Other Parts Discussed in Post: AM3703, CC2540, TMP102, TXB0104, TPS65950

As marketing manager at TI, I have the privilege of working with the catchy, trend-setting technologies that drive the most sought-after mobile and embedded applications. As such, I get thrilled about any advancement that paints a clear picture of how technologies transform consumer experiences in interactive and impactful ways.


At Google I/O today, we got a glimpse of one such advancement. Recon Instruments – the company behind the world’s first GPS enabled heads-up display (HUD) for alpine goggles – unveiled their Android software development kit (SDK) to the general public. The HUD SDK is fully compatible with Recon’s state-of-the-art HUD, MOD Live, which packs multiple TI solutions into one tiny goggle screen. It provides a solid foundation for developers to create Android-based snow-sport applications that capitalize on sensory data, including readings from the on-board altimeter, barometer, 3-axis accelerometer, 3-axis gyro, 3-axis magnetometer and temperature sensor. Translation: It’s the ultimate real-time snowboard and ski tracker.


Why did this SDK catch my eye, and what will it bring to snow-sport extremists? It comes down to two of my passions: Augmented reality (AR) and skiing. With mountainous terrains, state-of-the-art equipment and adventurous activities, snow sports provide an incredible platform for not only explaining AR capabilities, but really digging into real-life applications for AR technologies. Essentially, Recon’s HUD SDK provides a great reason to explore how AR applications influence the way consumers interact with mobile and embedded products, and their surroundings.


Augmenting your winter wonderland

As someone who lives and breathes technology, I admittedly – at times – start to jump into tech lingo with the assumption that people understand the verbiage. I know, however, that concepts like AR are foreign to some folks. So, let’s start with a basic question: What exactly is AR?


At the highest level, AR is a real-time view of a physical environment (for example a ski mountain) whose elements are amplified or “improved” by computer-generated input such as sound, video or images. AR adds new, virtual bits of information to a person’s surroundings to make the real world more interactive and informative. Imagine being able to identify family and friends on a crowded ski slope via an AR-based application on the HUD of your Recon MOD Live goggles. The real-time connection to social networks and GPS satellites would track their specific locations, and place virtual “bubbles” over family and friends on the mountain.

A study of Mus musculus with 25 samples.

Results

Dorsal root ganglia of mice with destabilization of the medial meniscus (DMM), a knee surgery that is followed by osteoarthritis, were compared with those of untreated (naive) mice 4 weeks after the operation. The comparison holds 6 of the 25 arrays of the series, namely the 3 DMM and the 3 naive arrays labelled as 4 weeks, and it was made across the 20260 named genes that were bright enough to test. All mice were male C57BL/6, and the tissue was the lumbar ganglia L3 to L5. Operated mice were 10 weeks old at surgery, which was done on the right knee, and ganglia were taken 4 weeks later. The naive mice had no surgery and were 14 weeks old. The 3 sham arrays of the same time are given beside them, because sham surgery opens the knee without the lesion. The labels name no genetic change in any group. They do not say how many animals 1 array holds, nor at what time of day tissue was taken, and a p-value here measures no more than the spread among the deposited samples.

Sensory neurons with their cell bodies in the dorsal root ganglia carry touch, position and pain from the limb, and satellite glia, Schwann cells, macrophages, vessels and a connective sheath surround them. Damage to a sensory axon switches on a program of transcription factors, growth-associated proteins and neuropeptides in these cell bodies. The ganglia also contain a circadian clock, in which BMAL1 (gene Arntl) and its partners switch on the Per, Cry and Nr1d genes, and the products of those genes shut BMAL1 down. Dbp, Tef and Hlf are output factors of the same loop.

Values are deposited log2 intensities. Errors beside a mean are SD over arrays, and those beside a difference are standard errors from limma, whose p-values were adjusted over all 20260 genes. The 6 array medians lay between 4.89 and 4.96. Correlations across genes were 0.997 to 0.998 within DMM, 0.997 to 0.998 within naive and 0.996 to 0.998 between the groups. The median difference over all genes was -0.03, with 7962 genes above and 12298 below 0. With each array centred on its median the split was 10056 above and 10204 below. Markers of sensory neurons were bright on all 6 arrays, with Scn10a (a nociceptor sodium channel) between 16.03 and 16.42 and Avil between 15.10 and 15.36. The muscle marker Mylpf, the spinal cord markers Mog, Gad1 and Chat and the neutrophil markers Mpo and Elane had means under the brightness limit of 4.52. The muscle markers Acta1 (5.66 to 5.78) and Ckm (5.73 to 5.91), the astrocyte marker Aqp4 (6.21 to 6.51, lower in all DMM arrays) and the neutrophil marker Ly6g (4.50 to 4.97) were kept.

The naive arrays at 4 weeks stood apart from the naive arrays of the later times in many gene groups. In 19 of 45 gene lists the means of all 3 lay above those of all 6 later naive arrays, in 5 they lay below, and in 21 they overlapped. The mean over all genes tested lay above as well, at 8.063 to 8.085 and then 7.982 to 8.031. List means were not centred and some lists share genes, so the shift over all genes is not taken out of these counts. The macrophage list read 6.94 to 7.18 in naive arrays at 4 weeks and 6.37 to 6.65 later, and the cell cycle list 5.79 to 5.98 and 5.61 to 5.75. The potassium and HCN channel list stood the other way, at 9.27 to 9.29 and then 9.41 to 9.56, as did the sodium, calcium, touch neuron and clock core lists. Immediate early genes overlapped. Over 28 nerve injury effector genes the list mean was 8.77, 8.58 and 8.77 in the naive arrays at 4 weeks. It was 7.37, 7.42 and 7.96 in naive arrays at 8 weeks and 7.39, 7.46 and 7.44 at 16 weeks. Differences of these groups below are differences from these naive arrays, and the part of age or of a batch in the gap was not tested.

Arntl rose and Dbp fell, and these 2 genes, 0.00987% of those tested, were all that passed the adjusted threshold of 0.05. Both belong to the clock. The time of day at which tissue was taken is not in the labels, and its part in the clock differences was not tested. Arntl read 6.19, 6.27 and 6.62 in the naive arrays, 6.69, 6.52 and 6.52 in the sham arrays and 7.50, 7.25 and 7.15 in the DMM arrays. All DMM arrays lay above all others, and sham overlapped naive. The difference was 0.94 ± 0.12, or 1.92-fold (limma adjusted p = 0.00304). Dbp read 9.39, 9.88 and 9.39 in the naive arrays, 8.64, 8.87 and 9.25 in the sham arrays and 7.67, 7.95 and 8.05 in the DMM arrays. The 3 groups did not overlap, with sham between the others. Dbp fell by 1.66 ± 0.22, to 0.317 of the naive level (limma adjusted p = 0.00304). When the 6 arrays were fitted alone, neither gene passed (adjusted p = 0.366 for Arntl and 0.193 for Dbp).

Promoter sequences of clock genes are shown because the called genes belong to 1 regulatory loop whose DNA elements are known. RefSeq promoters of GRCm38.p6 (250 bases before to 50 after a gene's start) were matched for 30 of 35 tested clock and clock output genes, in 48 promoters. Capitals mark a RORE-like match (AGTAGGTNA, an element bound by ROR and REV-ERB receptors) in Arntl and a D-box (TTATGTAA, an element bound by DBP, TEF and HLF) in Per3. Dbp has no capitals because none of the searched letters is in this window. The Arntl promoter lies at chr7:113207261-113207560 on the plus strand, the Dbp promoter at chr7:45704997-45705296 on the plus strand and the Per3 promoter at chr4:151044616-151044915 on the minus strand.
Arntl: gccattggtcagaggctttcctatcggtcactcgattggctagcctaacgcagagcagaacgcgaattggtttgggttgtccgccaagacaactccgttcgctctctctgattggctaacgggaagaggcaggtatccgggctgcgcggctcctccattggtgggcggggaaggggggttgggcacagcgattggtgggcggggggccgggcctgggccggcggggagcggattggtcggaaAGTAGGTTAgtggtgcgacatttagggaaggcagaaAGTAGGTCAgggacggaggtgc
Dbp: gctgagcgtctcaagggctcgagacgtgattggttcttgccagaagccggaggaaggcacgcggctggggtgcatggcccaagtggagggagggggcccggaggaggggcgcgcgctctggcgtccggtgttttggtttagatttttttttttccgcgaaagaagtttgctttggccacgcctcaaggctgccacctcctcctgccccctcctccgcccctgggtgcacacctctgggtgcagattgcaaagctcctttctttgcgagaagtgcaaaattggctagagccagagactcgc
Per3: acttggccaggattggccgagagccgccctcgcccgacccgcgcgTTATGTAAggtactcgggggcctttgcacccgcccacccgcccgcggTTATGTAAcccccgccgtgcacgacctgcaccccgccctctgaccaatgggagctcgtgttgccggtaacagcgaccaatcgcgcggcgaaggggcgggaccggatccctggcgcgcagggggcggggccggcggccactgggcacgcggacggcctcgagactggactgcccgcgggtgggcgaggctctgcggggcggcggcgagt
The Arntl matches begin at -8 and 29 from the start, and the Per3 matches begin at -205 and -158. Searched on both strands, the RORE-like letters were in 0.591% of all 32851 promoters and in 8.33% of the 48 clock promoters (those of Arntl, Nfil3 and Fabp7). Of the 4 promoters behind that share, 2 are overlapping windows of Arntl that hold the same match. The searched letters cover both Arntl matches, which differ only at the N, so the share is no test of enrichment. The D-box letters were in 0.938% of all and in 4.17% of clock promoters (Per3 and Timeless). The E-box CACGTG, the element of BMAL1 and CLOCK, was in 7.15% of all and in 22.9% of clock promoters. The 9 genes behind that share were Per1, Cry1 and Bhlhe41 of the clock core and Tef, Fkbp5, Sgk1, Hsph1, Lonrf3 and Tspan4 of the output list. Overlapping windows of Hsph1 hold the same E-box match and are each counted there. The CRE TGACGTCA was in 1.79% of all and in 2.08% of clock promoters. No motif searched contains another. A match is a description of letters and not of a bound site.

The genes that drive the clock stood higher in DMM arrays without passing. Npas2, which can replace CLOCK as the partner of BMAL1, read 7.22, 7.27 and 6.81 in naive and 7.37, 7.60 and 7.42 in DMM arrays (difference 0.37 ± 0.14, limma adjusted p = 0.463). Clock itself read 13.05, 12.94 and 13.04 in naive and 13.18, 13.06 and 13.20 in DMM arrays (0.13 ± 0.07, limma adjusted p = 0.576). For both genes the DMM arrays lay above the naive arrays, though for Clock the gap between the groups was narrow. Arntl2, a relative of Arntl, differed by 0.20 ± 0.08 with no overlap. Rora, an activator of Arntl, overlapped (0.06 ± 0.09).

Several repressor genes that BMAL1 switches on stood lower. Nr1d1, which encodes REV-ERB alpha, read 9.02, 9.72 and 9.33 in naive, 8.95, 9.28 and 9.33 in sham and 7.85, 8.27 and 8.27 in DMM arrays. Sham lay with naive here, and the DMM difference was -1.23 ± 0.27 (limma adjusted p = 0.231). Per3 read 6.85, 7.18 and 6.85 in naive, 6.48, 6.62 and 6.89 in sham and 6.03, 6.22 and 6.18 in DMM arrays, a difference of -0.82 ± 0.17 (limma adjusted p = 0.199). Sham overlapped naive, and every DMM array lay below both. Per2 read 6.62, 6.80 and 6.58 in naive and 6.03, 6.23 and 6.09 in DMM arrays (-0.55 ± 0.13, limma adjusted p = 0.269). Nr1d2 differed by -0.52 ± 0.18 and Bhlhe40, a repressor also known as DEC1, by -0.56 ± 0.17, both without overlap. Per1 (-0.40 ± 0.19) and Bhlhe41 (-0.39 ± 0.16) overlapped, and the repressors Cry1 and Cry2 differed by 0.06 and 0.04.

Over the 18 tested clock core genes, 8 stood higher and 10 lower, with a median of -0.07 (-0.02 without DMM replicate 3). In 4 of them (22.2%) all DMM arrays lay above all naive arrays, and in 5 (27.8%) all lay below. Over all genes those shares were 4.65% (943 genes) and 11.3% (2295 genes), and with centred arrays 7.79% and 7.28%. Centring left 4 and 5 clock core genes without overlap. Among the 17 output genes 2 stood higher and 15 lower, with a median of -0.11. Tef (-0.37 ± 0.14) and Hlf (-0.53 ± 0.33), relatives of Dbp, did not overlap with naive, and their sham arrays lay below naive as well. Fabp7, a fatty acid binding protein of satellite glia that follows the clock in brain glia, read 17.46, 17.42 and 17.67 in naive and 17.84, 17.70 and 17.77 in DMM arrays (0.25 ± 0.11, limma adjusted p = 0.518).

To put AR applications like this into more of a real-life view, Recon and Active Network are demonstrating the new RTP LiveView™ – an Android lifestyle app integrated with Recon’s HUD technology – at Google I/O this week. RTP LiveView technology is adapted from two of Active Network’s mobile platforms, RTP LivePass™ and RTP REALX. The LivePass platform offers information about snow and weather conditions, live destination highlights, social media integration and more. RTP REALX was used to create REALSKI™, the first AR application designed to help guests navigate ski resorts. These are the types of things that AR enables – location-specific information, and new ways to virtually interact with the outside world.


And, these examples are just the tip of the proverbial ice berg. Thousands more will come to the life with the help of foundations such as Recon’s HUD SDK, which in turn demand high-performing, power-efficient semiconductor technologies. Of course, that’s where TI comes in. Our portfolio of embedded processing and analog components provides a full suite of AR technologies that shape consumer experiences across product market. To map back to the discussion at hand, let’s take a look at how each TI part inside of the MOD Live HUD fuels AR-related features:


TI part

AR-related purpose

Sitara™ AM3703 ARM Cortex™-A8 processor

You need a device that keeps AR-based features streaming as fast as you’re flying down the slope. As the “brains” of the MOD Live HUD, the AM3730 processor provides high performance and the best multimedia streaming, along with the integration of on-chip memory and interfaces, file storage and more.

NaviLink™ (NL5500) 6.0 solution

AR applications are only as great as the data they are able to gather, and efficient tracking/connectivity plays a vital role in this collection. This tiny chip combines GPS, FM and Bluetooth® technologies for real-time, reliable connectedness.

CC2540 Bluetooth low energy system-on-chip (SoC)

As a complement to the NL5500, the CC2540 provides point-to-point contact from the MOD Live to the Bluetooth wrist remote controller and other Bluetooth-enabled devices. This enables the control of AR-based functions with the click of the on-body remote.



This two-wire serial output temperature sensor provides Fahrenheit and Celsius readings, which pop up in real-time in AR-based applications.


This bidirectional voltage level translator is responsible for understanding what direction your body is facing, and thus pin points which AR-driven “bubbles” are within sight.


This highly integrated power management IC and audio codec keeps your device battery alive longer, and offers a USB high-speed transceiver and charger, LED drivers, analog-to-digital converter for connection to sensors and a real-time clock.


As you can see, to say that I am enthusiastic about AR applications is an understatement. The road ahead – or shall I say, slope? – is a bright one. These technologies are here and now, and ready to for mountainous runs!

Alejandro Erives is TI Sitara ARM Processors marketing manager and resident snowboarder extraordinaire. Recon just upped his game!